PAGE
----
Functional deficits are known to be associated with preterm birth (PTB) and low birth weight (LBW) but little research exists about socioeconomic outcomes of these medical complications. A systematic review and meta-analysis by UK authors sheds new light on social outcomes in adults who were born preterm or at LBW.
Published in JAMA Network Open, the research looked at 21 prospective longitudinal and registry studies that reported on selected social outcomes in adults born preterm or with LBW compared with control individuals born at term. Pooled analyses were based on odds ratios (ORs) with 95% confidence intervals (Cis) and Hedges g, which were meta-analyzed using random-effects models.
PTB was defined at < 37 weeks’ gestation and LBW < 2500 g at birth. The studies included were conducted in Germany, Denmark, Norway, Sweden, Finland, UK, Netherlands, Israel, Canada, the United States, New Zealand, and Australia.
Data from more than 4 million adults, nearly 180,000 of whom were preterm or LBW, were analyzed. The authors found that, compared with adults born full term, individuals with PTB or LBW were less likely to have experienced a romantic partnership (OR 0.17; 95% CI, 0.64-0.81), to have had sexual intercourse (OR, 04.3; 95% CI, 0.31-0.61), or to have become parents (OR 0.77; 95% CI, 0.65-0.91).
Subgroup analysis of degree of prematurity revealed a dose-response relationship between degree of prematurity and romantic partnership (P< .001) with those who were born extremely premature (EPT) being the least likely to have been in a romantic partnership (ORs for EPT, very preterm [VPT], and moderate to late preterm [MLPT] 0.33, 0.67, and 0.79, respectively). Those in the EPT subgroup were also the least likely to become parents (ORs 0.3, 0.67, and 0.79 for EPT, VPT, and MLPT, respectively). Interestingly, adults born PT/LBW perceived the relationship with their partner as significantly more satisfying or intimate than those born full term.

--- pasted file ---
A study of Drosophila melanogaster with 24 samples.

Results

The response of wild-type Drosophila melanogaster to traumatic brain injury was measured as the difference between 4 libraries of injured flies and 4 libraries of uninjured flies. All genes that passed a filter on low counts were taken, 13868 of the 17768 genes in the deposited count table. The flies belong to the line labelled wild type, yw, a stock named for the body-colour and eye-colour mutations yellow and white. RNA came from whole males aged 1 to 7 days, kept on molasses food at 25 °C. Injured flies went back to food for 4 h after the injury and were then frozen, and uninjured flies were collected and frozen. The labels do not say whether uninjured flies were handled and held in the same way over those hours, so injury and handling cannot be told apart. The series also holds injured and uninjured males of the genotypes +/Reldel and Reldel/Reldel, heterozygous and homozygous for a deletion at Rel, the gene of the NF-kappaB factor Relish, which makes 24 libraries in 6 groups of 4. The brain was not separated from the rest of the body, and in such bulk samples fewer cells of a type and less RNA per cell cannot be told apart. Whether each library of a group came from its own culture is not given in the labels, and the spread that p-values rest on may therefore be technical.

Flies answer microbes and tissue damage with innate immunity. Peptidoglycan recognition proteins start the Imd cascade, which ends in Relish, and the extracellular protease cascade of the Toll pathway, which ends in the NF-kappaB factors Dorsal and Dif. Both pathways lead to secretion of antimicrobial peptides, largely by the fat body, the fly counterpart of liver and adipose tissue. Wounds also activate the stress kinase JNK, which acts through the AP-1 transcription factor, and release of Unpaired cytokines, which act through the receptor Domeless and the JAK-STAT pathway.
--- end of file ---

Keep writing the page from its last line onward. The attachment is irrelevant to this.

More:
The authors said that their findings “are in line with a preterm behavior phenotype that follows into adulthood” but that they do not support the hypothesis that PT/LBW individuals take longer to accomplish normative adult milestones. The researchers’ subgroup analyses included comparisons of participants aged 18 to 25 and 26 or older, which showed no age-associated differences in the life transitions.
Commenting on the data, the authors said “the findings from the current study should be interpreted with caution and analysis should be repeated when more adulthood data becomes available from the cohort studies. Also, only English publications were considered in this meta-analysis and, therefore, potential language bias should be taken into account.” They recommended additional research “to identify the predictors and promotive factors of social outcomes in PT/LBW individuals to allow for timely interventions in aiding the transition into adulthood.”